It might be news to you, but mobile device users can find up-to-date sports scores through Google's search engine.
Derrick Eckhardt of the RotoNation fantasy-sports blog noticed the score of the Mets-Dodgers game displayed at Google on his BlackBerry on Sunday and shared a screenshot of the box score. He dug up some tidbits about Googlers showing some interest in the sports category, but it turns out the scoring service actually isn't new.
It turns out Google actually launched the service a little over a year ago for mobile users in the United States, though Google didn't announce it, said spokesman Michael Kirkland. When people type a team name into the search box, the service shows frequently updated scores for professional football, basketball, baseball, and hockey games, as well as for college basketball, he said.
"The use case we imagine is somebody out and about who's got to get the Mets score with the minimum number of clicks and inputs on a 12-key keypad," he said. Google obtains the data legally through undisclosed content providers, he added.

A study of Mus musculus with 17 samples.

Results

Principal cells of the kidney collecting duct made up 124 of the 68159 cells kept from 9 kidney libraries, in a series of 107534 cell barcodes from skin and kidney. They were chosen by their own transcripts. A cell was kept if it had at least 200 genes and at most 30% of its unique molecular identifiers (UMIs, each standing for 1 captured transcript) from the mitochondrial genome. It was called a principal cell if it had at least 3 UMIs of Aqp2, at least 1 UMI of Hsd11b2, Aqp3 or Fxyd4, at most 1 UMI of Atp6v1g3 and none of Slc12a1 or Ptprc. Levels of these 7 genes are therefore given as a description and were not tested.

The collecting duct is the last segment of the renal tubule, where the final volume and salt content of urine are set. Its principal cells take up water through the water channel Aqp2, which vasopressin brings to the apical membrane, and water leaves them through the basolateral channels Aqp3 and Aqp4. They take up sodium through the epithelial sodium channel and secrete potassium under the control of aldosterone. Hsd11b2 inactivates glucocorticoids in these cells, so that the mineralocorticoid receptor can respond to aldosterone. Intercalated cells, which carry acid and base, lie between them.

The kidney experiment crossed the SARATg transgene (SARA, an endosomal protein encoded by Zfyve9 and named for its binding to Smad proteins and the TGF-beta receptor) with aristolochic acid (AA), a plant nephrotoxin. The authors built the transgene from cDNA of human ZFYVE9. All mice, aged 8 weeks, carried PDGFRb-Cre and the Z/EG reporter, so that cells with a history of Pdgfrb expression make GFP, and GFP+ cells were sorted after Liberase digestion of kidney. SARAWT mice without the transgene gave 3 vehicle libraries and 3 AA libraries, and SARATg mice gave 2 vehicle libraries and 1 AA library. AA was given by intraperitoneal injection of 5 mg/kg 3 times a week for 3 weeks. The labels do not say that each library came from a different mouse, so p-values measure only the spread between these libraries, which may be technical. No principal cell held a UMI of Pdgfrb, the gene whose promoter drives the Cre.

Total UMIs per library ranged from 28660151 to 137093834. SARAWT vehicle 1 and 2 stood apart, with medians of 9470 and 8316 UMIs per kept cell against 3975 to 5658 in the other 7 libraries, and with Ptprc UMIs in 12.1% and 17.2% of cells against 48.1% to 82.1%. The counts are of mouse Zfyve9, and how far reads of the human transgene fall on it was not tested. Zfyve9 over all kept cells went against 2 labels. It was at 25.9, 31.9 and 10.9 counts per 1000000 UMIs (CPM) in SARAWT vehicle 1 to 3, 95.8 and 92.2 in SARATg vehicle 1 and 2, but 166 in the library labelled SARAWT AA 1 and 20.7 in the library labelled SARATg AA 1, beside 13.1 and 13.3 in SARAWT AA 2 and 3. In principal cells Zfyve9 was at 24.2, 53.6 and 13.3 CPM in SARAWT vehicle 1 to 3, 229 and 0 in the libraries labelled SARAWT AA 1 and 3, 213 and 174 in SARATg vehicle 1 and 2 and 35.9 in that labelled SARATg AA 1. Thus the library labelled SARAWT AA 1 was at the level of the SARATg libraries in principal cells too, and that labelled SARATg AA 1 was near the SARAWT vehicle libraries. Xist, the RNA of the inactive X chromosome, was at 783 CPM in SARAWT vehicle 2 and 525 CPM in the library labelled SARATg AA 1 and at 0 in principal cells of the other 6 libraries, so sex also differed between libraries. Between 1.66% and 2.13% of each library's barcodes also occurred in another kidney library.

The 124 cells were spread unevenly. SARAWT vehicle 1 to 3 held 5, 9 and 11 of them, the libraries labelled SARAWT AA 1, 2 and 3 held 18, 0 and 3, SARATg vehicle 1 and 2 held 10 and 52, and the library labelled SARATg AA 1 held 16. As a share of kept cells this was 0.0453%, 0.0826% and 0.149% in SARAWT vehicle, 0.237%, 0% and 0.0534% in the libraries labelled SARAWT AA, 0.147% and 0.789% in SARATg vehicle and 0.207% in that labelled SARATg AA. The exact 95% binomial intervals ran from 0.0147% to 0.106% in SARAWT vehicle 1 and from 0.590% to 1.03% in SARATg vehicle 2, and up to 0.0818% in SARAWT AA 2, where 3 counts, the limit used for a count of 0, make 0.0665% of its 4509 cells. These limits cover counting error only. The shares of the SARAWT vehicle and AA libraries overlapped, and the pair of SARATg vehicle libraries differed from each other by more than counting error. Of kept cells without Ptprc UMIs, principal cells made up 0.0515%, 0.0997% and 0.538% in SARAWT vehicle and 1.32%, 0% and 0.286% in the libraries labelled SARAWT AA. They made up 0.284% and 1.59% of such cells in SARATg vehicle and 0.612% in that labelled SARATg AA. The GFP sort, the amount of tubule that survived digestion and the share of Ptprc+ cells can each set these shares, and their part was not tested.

He wouldn't comment on any plans to offer the service to Web searchers using PCs, though. Curiously, because Apple's iPhone uses an ordinary search site, iPhone customers actually can't get the service, he added.
Nor would Kirkland comment on the possibility of Google gradually expanding from a search engine to a much more general-purpose Internet portal. Sports is one of the obvious specific areas of focus.
The results are part of Google's Onebox technology, which treats the search box as a command input field that can be used to extract specific results such as answers to math calculations, plane flight details, package tracking, and the time in London.
Mobile users also can get less up-to-date game scores through the Google SMS text-messaging service. Sending a text message with the team name will return recent scores and the schedule of the next game.